Her Crown of Fire
Young adult, fantasy, adventure
In the dull, everyday world, seventeen-year-old Rose Evermore struggles to plan beyond her final year of high school. But when fire suddenly obeys her every command and her dreams predict the future, she becomes hungry for more of this strange power.
Under her dreams’ guidance, Rose lands int he fantasy realm of Lotheria–with a taglaong. Tyson, her best friend since childhood, winds up there with her, just as confused and a hell of a lot more vulnerable. In Lotheria, Rose is welcomed and celebrated as a fire mage at the Academy, while the very un-magical Tysons is forced into hiding under the threat of death from the headmasters of Rose’s new school.
As Rose’s talent in fire magic draws unwanted attention and Tyson struggles to transition from high school student to blacksmith, Rose must find a way to return Tyson to their own world before the headmasters discover and execute him–no matter the cost.Synopsis sourced from Goodreads.
(Ink Stains are an equivalent to stars in any other form of rating, ranging from the standard 1 to 5)
I have a lot of thoughts about this book. The most prominent, at the moment, is that there was a lot of potential for the storyline. Potential to take things one step further, to pull a reader into a more lush and intricate world, to show things differently.
This is not to say that I did not enjoy this book. It was written well for most parts, but sometimes didn’t connect to the overall big-picture storyline. Parts of the story were well implemented, while others seemed to be only there to check off a box in a list of what to include to be more diverse in writing (I won’t go into it too much because this will be spoiler free, and it might not be that obvious when you’re reading it.)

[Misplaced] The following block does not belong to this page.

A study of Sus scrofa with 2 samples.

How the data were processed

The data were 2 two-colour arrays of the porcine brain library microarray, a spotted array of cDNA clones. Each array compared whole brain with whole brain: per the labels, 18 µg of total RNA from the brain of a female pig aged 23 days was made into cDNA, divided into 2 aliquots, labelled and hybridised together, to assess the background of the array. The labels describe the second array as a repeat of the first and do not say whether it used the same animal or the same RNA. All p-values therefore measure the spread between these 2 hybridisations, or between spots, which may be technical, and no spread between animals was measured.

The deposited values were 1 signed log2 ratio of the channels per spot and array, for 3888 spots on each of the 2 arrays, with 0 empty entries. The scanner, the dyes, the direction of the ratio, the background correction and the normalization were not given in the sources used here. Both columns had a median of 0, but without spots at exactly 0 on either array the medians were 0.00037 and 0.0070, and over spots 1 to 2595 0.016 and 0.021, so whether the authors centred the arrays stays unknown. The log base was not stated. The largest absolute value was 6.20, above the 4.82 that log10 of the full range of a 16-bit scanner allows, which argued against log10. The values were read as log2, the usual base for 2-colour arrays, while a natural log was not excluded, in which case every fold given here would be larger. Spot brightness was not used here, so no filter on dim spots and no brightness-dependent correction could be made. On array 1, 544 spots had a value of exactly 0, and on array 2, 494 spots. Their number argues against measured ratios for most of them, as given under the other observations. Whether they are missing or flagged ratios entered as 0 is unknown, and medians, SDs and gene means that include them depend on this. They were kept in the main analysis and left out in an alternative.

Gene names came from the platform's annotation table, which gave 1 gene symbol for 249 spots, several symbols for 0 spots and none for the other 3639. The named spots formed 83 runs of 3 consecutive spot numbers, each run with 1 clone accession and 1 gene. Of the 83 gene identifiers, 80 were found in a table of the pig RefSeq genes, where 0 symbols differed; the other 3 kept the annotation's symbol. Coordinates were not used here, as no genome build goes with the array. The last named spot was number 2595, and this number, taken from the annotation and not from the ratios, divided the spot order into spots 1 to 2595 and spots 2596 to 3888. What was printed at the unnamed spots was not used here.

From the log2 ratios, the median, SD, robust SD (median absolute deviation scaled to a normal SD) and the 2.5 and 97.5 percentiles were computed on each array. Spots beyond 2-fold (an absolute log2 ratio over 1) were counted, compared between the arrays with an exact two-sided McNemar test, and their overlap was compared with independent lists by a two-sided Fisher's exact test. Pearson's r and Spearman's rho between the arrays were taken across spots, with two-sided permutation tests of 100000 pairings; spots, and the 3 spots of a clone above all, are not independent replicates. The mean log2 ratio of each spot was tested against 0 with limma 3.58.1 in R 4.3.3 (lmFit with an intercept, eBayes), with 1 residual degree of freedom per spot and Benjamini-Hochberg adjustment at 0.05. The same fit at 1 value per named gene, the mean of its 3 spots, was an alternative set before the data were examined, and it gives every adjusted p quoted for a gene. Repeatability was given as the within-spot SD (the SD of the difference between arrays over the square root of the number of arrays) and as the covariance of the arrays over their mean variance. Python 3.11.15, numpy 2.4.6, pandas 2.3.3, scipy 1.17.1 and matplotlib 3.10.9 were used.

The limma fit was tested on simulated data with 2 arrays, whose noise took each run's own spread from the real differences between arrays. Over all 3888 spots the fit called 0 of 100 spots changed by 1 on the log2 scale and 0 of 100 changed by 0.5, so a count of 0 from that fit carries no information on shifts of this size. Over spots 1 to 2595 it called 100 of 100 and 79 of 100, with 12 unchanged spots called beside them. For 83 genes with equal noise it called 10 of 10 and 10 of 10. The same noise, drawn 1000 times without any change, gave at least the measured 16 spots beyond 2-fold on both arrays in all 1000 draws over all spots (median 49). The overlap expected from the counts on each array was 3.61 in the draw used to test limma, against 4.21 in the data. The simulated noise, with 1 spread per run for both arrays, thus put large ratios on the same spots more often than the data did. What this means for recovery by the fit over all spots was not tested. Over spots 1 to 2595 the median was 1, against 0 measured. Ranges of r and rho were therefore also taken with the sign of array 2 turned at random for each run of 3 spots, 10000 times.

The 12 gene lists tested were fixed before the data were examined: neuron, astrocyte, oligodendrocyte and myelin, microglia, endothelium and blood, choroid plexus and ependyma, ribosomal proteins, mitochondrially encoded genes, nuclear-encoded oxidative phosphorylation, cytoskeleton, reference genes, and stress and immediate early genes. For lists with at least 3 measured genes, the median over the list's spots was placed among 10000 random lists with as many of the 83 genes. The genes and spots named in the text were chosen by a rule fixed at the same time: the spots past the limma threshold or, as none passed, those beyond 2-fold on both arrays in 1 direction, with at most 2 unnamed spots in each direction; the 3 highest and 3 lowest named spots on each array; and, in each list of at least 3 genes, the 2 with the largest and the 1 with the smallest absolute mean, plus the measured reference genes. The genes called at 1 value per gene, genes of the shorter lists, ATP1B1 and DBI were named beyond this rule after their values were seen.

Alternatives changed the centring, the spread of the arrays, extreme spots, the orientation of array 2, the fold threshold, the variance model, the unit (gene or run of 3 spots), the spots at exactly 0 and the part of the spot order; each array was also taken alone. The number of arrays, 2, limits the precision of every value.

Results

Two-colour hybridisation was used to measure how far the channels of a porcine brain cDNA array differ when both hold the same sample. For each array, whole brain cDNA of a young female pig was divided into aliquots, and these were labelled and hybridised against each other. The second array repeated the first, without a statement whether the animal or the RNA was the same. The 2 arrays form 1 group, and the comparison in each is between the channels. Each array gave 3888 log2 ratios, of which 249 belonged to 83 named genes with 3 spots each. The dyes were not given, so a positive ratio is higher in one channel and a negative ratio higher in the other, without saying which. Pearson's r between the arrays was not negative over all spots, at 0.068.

The story follows Rose Evermore, who doesn’t seem to get along with her mum (I don’t know, they seemed like distant friends and most of their dialogue seemed a bit stunted) and has just found out that she has magic powers. With this revelation, she also becomes a pyromaniac (?) to test her theory and eventually finds her way to the magical dimension and the city of Lotheria. Unfortunately, her best friend, Tyson, has tagged along for the ride and he’s got no magic to speak of.
I think it would have been nice to see his storyline more; it just kind of time jumped a bit for him and though he was the main motivation for Rose to get home, he kind of took a back seat in her mind and with the plot too. I didn’t particularly always enjoy being in Rose’s head – I don’t know what it was but maybe if this had been third person?
The other characters in the book gave good insight to the other cultures of the world of Lotheria, but again, sitting in Rose’s head with only her point of view was a bit…disconnecting, I suppose. Their side plots were okay, but did steer away from what I thought the main plot was (Rose getting Tyson and her home).
I did enjoy some of the plot twists. It’s not often that characters with speaking parts face things like death so early on in a series – though, for motivational purposes, I suppose it could make sense. Not entirely, as Rose already has a motivation (Tyson) to complete one thing and shouldn’t need another. Other plot twists were a bit more unwelcome, as characters who had not been seen for a while, or had not interacted with the main character storyline, were suddenly pinnacle points for the main plot. (This is bringing me back to checking off that box on the diversity checklist.)
Overall, I think this was a pretty okay read. I think it has more positives than negatives, because the writing was good and the world that April built for this story is extremely intense and interesting. I can definitely see myself reading on in the series, as this book seemed to set up a lot more than it solved, and recommending it to others who I know might enjoy it more.